Journal your journey.
Use your blog to talk about your experience building your product. Share pictures of the process. Share both your successes and setbacks. Create a story people want to follow that connects them to you, your journey and your product. Publish to your blog first, then promote it on all of your social media.
Use online forums to get the word out.
Find forums where the users of your products hang out. Solicit feedback, offer advice, engage in discussions you genuinely find interesting. Online forums are great because they allow you to reach a pre-existing audience. Put a link to your store in your signature. Avoid trolls and flame wars.
Invest in your product displays, not Swag.
Swag costs money to produce and store. Save it for your paying customers. Invest money in your product displays, instead. Whether it’s your booth or your online presence, you want to put your product front and center and show it in a light that makes people want it.
Get simple business cards.
Fancy business cards with funky shapes and photo backgrounds are cool, but they’re not functional. They often hard to read, write on, and store in your wallet. Keep your cards simple. Make sure your contact info is readable. Provide lots of white space with a matte finish for note taking. Consider adding a QR code with all your contact info as well.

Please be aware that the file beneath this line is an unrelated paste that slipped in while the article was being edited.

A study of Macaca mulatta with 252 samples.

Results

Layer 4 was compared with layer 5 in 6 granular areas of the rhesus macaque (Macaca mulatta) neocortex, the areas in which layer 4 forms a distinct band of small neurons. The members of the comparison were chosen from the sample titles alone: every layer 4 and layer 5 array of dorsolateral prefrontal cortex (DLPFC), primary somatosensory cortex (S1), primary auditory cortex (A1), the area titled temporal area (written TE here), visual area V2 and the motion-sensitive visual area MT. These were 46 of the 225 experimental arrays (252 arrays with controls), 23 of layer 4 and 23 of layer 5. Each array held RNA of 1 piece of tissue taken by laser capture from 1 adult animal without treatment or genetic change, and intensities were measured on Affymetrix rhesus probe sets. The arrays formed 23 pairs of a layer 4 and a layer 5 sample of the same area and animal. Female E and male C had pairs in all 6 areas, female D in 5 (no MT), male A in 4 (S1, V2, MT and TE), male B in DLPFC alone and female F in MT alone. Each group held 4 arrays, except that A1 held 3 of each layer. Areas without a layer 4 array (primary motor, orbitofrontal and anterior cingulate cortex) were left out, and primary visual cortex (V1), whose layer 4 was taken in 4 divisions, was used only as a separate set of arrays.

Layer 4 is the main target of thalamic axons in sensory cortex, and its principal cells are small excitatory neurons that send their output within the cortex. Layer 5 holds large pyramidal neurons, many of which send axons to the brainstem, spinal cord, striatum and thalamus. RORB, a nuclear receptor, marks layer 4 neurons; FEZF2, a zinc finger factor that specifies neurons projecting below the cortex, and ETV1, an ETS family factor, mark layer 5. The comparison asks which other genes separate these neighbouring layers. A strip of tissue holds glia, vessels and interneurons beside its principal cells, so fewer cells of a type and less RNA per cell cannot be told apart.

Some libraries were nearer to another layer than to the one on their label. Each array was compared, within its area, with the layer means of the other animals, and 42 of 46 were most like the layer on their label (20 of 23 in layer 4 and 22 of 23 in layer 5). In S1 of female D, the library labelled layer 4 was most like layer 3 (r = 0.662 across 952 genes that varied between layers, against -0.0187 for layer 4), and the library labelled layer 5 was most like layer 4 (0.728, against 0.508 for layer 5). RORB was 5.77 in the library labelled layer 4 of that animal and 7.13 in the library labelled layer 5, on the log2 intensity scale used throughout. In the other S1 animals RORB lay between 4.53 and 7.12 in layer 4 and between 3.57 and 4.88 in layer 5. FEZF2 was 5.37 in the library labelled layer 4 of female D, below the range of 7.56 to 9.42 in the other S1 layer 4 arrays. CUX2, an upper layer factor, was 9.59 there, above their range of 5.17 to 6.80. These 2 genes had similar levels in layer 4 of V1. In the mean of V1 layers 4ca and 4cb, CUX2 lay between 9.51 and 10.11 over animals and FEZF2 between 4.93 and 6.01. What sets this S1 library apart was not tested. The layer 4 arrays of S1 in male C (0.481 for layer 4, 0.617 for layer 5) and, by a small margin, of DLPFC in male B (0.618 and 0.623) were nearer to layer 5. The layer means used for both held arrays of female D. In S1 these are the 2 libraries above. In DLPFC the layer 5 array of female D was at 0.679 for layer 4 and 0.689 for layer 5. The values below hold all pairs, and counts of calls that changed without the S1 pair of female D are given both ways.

Use a hosted platforms for your online presence.
Whether it’s your website, store, or blog it should just work. You’re a maker. You should be selling or making, not monkeying with your server. Pick something you find simple to use, and preferably cheap or free. We’ve had success with Wix, Wordpress.com, Shopify, and Squarespace.
Network with other makers and co-promote.
At conferences and online, develop relationships with other Makers. Ask about co-promotion. Don’t be shy. Just ask, “Hi, I’m trying to market what I make too. I’d be happy to like/plug what you’re doing, if you’ll return the favor.” Ask about their experiences. You never know what you might learn.
Automate the boring stuff.
Use tools like Zapier, and IFTTT to automate tasks like reposting your blog to your social media or setting up autoresponders for support emails. You have a lot to do, any tasks that you can take off your plate will free up your time to grow your business.
Don’t do it all yourself.
Business has a lot of moving parts. There will be parts you’re not good at, or just dislike doing. For tasks you don’t do well but enjoy, considering getting professional guidance. Consider completely outsourcing the things you can’t stand. Eliminating sources of stress can improve your performance in other parts of your business.
We hope you find our tips helpful. Share you thoughts and feedback in the comments.